Flores, Tikal and Rio Dulce

Trip Start Dec 21, 2009



The next stop of note was over to Guatemala to see a few parts that we hadn't seen before. Nic and I were actually in Guatemala 3 years ago as we started our honeymoon here and covered the rest of Central America to the east and south, finishing in Costa Rica that time. This time, we wanted to cover the north half hence we started from Mexico and worked our way south and around. We were quite looking forward to seeing Antigua again and Guatemala is generally a pretty cool place to go.

From Belize, we made our way over the land border to Guatemala but on getting over to the Guatemalan side, we were told by our leader that there would be an informal border tax when we got through the immigration desk. This amounts to a bribe that the border control get for themselves. There’s no sign around saying that such a border tax exists, it’s just asked for and paid. Some of our group got charged 10 Qetzales and some charged 20 (which is the equivalent of a few bucks). Not that it’s going to break the bank but enough to leave a bad taste in your mouth. Not the best first impression of Guatemala, "Welcome to Guatemala, here’s some corruption to start you off with."

Anyway, we got to Flores a few hours later which is a very small island town on Lago Peten Itza (Lago is a lake). The lake is named after the people of Chichen Itza. When they were expelled from Chichen Itza, they had to go somewhere and this area was as good as any. There’s more to it than that but I’ll force you to do your own research on Google. You can walk around the circumference of the town of Flores in 20 minutes, and that’s at a leisurely stroll. It’s interesting that we are told that the nearby town of Santa Elena is a place that we should not be going to at night because there is a “macho” culture here where guys are happy to walk around town with weapons holstered in plain sight. Perhaps winning a game of pool against a local could result in a hairy situation. Better keep my awesome pool skills (those of you who have played pool with me know that I have none) to myself. The lure of some fast food does take me over to the other side though, but we don’t go to the town proper. Just to Pollo Campero, a fast food chicken franchise that’s around Central America. I am a big fan of this place. It’s fast food, but they do table service.

Flores is a common town for people to base themselves for the archaeological site of Tikal. We would start very, very early the next day to get to Tikal before it really got busy. Tikal is a little different to the other Mayan sites we visited in that the distances from one stone structure to another are vast and in between, there is dense rainforest where you can hear the sounds of howler monkeys or see any number of birds and wildlife. I don’t know one bird from another because I’m not a “birder”. Birders are an entirely different and “special” breed of traveller. You’ll normally find a birder with massive telescopes or binoculars, necks craning upwards and making weird bird noises which I don’t think sound like the bird at all. They are also prone to stopping mid track and saying stuff like, “Did you hear that, I think it was a puffy chested green legged something or other”. I normally greet such exclamations with, “We’d better keep moving, I’d hate to get left behind (alone with you).”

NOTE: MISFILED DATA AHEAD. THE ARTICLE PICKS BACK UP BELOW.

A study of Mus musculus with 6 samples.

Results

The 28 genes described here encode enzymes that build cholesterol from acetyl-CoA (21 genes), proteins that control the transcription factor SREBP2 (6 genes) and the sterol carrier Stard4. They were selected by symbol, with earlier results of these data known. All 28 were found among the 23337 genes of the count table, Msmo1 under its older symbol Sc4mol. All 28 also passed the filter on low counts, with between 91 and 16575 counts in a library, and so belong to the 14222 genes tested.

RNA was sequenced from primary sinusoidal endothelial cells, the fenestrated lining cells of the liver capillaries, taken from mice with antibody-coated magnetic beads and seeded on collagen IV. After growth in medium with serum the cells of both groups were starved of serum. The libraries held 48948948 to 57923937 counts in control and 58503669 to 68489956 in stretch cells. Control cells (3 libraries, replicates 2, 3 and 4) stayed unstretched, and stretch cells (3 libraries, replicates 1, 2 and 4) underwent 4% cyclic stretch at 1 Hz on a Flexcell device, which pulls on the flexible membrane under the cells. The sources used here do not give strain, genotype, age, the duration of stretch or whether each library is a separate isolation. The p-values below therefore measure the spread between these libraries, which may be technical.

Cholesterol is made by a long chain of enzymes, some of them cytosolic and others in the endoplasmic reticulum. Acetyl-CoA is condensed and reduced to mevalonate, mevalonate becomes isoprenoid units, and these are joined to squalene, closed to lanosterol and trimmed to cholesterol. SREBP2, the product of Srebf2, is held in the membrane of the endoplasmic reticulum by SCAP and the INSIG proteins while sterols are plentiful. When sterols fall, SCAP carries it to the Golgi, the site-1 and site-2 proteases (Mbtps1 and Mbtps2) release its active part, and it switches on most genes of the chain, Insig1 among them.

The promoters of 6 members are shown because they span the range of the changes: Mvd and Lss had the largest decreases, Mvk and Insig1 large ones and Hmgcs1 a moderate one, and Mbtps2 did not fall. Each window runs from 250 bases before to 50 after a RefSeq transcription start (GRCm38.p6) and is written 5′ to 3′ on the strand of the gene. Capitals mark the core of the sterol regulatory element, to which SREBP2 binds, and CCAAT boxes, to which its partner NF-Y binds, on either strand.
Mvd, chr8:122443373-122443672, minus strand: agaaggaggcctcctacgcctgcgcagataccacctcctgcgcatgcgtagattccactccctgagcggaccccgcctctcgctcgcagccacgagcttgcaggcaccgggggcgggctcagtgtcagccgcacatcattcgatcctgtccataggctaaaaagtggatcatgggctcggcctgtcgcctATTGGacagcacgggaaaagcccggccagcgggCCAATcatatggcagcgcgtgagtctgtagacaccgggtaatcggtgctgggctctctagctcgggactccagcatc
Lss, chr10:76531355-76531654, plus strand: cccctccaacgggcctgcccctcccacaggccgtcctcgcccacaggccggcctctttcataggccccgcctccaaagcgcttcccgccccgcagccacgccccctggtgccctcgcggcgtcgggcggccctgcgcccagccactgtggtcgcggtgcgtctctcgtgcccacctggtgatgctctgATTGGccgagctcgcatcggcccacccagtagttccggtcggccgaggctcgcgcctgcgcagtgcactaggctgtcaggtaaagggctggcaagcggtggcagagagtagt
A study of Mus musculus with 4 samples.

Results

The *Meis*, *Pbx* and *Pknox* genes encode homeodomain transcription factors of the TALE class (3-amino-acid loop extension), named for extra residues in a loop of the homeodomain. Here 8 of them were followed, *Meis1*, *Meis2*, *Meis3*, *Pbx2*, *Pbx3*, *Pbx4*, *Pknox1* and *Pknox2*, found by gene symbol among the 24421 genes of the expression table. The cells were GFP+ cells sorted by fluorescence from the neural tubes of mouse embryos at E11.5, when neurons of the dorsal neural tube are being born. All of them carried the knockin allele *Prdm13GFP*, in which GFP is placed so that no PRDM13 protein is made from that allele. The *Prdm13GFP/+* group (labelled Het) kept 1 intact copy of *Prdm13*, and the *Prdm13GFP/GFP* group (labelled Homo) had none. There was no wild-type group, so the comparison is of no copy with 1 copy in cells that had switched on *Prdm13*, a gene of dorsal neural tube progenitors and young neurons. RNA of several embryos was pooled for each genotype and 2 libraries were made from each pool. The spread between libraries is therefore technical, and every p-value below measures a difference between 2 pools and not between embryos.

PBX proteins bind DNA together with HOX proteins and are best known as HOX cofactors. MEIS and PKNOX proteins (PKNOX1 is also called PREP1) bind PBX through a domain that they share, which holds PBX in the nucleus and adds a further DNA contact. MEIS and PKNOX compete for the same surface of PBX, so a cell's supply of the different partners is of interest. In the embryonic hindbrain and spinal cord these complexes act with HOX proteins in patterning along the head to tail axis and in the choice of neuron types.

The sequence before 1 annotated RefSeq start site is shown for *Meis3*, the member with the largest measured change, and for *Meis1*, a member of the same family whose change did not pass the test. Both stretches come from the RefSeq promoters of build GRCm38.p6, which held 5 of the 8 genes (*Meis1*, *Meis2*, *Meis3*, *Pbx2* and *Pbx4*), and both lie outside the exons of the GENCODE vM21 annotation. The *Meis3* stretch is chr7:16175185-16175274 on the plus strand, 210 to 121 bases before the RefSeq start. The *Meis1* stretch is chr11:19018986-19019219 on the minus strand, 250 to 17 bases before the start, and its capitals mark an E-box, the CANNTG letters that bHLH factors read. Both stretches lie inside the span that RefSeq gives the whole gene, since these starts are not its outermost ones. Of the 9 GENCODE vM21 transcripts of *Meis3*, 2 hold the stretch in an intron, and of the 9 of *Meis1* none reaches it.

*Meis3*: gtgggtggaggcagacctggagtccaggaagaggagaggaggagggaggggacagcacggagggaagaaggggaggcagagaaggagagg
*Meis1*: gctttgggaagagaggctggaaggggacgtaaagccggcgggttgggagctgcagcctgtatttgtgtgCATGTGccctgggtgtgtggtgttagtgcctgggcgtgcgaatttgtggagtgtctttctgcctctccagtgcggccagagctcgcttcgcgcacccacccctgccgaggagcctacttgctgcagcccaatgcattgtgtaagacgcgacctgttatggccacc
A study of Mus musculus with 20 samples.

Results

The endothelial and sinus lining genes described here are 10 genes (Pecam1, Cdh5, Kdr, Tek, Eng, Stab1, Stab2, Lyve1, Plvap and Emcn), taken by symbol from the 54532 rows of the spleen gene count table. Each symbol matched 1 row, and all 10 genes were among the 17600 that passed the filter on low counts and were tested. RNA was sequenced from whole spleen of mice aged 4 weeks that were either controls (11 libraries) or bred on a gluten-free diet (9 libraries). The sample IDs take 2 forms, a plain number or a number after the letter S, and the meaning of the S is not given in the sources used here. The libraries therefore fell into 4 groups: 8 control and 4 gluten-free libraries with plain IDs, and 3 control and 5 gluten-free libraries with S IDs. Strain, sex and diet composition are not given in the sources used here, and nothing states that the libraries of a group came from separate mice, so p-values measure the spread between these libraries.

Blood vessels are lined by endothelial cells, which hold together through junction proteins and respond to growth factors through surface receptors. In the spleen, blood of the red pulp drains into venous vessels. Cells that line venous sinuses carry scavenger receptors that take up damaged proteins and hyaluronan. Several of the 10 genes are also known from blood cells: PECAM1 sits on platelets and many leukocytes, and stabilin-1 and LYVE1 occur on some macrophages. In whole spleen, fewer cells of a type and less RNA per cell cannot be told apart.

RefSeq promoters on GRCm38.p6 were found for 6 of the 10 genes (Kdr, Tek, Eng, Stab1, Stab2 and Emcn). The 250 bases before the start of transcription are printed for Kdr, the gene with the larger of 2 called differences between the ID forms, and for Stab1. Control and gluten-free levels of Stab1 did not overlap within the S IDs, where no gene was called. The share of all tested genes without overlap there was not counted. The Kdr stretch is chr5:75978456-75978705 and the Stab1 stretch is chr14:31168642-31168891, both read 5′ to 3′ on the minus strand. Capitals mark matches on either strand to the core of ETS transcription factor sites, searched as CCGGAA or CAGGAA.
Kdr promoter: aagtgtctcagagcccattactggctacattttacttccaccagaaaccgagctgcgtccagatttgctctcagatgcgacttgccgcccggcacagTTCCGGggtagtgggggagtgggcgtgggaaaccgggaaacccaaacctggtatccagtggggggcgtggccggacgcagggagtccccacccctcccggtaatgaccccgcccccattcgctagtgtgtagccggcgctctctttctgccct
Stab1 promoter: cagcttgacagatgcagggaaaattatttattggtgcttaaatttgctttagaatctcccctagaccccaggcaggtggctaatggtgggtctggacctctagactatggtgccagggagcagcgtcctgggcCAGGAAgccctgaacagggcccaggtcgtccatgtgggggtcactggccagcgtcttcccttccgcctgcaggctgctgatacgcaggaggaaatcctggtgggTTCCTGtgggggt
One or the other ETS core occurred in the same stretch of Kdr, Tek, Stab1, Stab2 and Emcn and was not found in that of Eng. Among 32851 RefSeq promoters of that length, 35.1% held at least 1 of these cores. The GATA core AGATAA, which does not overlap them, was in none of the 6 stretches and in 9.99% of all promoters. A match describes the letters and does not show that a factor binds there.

At Tikal, there are some seriously steep ruins, some you can climb up on your own, some that have rickety wooden ladder-step things and others that you can’t climb up anymore because some silly tourist fell to their deaths there and ruined it for the rest of us. The Gran Plaza which has the impressive Templo del Gran Jaguar and other structures. They’re still uncovering ruins but that takes time, lots of money and plenty of people with the expertise to do these excavations properly. In jungle like this, it’s also a challenge to maintain these structures after they have been restored because aggressive jungle growth is always just around the corner. For those who have or haven't been to ruins, be they Mayan, the temples of Ankor or ruins in Thailand, I’ve got some pictures to give you an idea of what a ruin looks like when it’s first discovered and what it looks like after the archaeologists painstakingly remove all the growth and dirt, then number all of the stones then set to re-create it based on what they know. This is a serious undertaking of work and commitment and something that many tourists (myself included) can fall into the habit of forgetting. We go up there, take a few pictures for Facebook, poke around, then climb back down and complain that the steps were too slippery or that it looks a little unsafe up there or there wasn’t enough room for everyone to fit.

Come to Tikal, look around and be prepared to walk around lots. Bring some good shoes, lots of water and your telescopes – if you’re a birder, just get your telescope out of my face. J

Our next stop was Rio Dulce where we stayed in a really cool place called El Tortugal (the turtle or tortoise). Nic and I spent our time here just having some downtime, catching up on some reading, doing some blogging and eating some good food that they prepared here. El Tortugal is more of a base for yachties who come in to spend some time on dry land. The place is really well run by an American couple and has things like purified water, hot showers, great and affordable dining and really cool accommodation as well. They even have free kayaks that we made use of.

The next blog will be from our homestay, where we get to learn some Mayan phrases and see one of the world’s most beautiful lakes, Lago Atitlan. Nicole and I get re-introduced to the beloved chicken busses that make travelling so interesting in Guatemala.